Wednesday, May 04, 2011

May We Believe Our Thoughts? Part I - Revisited

Here is a speech given by Xavier Amador, who I mentioned before, on the subject of anosognosia. It is lengthy, but excellent. And for those of us who have been doing this wrong for years, it is absolutely heartbreaking to listen to. I don't know if I can learn this.


Texan99 said...

That was a compelling lecture. That "reflective listening" trick is one I've seen strongly recommended in books about marital counseling, or any intractable strife. It has an amazing power to defuse very hot situations of the "but you're not listening to me" variety. But it's very difficult to implement, I suppose because it feels very much like conceding disputed ground. And yet we're not conceding a thing, only confirming that we've accurately heard what the other person is trying to say, whether or not we could ever agree with it. If the message is an unwelcome one, it's difficult to reflect it back without editorializing.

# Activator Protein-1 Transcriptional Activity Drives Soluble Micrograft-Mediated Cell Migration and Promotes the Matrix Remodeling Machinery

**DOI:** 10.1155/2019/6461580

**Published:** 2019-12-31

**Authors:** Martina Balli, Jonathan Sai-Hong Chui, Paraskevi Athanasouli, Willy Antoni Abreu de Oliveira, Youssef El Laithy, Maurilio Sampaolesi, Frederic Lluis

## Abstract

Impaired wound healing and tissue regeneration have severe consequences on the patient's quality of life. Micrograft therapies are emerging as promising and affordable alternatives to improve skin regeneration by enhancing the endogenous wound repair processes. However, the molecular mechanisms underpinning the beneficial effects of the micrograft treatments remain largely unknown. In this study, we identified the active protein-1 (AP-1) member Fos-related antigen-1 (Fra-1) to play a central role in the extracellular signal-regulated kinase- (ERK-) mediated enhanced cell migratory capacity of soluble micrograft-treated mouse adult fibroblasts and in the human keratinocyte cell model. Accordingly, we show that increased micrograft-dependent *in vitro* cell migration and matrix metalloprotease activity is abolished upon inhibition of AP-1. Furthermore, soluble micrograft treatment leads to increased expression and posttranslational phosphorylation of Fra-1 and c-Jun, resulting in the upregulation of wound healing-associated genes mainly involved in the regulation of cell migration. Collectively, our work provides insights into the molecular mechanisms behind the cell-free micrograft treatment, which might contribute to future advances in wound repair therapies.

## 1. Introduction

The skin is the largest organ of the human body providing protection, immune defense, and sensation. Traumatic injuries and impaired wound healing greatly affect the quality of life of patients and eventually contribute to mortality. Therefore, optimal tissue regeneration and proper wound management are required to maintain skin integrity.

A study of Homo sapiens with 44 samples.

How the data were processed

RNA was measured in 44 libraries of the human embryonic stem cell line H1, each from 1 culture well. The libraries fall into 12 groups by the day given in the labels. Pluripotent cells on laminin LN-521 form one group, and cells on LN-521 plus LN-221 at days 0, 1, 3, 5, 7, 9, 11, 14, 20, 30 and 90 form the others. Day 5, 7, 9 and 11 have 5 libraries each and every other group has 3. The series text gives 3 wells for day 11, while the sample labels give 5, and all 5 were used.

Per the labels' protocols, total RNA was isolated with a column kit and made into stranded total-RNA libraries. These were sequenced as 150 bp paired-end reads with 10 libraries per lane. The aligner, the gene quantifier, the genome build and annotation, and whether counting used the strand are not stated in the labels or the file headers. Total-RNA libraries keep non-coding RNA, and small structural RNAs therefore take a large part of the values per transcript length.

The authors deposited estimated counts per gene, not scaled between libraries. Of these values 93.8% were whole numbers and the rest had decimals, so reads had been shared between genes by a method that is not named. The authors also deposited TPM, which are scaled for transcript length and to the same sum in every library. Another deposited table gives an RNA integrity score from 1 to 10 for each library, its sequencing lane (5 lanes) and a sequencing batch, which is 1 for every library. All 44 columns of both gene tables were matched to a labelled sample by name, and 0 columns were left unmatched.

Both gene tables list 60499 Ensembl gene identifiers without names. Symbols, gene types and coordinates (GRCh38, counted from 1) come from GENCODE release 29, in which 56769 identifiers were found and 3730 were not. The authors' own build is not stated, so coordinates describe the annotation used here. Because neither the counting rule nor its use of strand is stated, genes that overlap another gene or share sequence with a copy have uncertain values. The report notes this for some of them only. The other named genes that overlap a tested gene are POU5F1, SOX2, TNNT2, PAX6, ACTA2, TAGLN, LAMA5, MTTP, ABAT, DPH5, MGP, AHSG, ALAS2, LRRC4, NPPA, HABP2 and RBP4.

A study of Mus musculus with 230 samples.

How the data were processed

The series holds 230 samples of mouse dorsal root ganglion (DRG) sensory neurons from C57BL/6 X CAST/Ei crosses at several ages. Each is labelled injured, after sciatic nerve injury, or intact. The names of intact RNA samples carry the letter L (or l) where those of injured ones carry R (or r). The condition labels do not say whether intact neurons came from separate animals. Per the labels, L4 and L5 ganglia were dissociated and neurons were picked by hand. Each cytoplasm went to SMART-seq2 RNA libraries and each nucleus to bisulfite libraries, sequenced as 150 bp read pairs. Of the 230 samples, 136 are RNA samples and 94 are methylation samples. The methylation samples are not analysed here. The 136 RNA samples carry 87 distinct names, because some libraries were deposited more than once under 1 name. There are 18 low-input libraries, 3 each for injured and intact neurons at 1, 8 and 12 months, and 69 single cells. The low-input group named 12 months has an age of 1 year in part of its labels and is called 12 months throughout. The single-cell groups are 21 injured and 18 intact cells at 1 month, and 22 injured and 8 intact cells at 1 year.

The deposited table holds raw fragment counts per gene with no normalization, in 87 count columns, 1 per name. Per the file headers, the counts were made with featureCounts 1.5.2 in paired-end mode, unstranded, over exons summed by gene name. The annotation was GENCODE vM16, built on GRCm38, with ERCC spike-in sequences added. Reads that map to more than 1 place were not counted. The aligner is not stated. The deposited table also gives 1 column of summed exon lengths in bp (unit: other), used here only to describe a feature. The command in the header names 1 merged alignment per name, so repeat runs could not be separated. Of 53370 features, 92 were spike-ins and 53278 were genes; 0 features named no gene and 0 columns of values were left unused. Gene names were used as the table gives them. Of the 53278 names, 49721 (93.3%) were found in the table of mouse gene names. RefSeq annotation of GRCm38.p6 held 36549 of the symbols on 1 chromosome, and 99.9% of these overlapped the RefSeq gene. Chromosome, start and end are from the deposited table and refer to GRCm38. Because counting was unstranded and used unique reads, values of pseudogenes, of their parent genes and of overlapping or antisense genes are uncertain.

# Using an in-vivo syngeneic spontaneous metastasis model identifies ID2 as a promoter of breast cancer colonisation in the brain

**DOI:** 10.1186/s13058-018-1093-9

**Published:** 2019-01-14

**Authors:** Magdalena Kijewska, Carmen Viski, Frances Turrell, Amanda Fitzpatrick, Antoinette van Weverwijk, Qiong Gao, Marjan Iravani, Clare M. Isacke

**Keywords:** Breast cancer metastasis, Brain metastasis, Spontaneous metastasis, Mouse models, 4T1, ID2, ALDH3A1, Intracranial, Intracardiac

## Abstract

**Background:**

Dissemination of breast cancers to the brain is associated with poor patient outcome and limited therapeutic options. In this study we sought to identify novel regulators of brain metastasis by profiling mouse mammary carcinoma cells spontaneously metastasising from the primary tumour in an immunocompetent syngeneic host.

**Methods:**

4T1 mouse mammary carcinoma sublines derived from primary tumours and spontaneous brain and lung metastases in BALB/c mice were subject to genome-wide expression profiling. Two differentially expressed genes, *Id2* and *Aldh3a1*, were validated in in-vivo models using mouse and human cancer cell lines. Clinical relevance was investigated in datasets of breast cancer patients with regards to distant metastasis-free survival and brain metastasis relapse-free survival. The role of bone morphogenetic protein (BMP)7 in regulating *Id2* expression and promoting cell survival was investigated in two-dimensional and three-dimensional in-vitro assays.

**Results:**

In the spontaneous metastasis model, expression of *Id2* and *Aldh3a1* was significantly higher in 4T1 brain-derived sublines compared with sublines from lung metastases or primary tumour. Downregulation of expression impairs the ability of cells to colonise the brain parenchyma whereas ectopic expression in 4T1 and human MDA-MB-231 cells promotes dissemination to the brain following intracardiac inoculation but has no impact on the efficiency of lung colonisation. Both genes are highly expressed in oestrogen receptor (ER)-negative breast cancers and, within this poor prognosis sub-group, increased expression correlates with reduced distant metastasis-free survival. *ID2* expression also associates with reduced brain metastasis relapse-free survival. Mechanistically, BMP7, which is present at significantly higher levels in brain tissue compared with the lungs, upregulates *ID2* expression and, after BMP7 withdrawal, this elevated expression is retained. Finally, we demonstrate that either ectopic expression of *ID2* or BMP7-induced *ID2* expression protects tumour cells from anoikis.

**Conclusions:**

Was what you were suggesting yesterday that it's not that I block the experience of empathy, but that I might be literally unable to feel it, and that I am experiencing anosognosia on the subject of that lack? Bearing in mind that anosognosia is by definition devilishly difficult to diagnose in oneself, I suspect that may not be the answer. I often can be brought to feel empathy, but rarely without the aid of experiencing something similar myself. It's the spontaneous, imaginative empathy for something quite different from my personal experience that I find especially difficult. Every new painful experience at least has the virtue of developing my imagination.

Assistant Village Idiot said...

No I wasn't suggesting anything. Just thinking like an experimenter, thinking "Here is a person who stands on a different mountain. What does she see? What does that tell us?"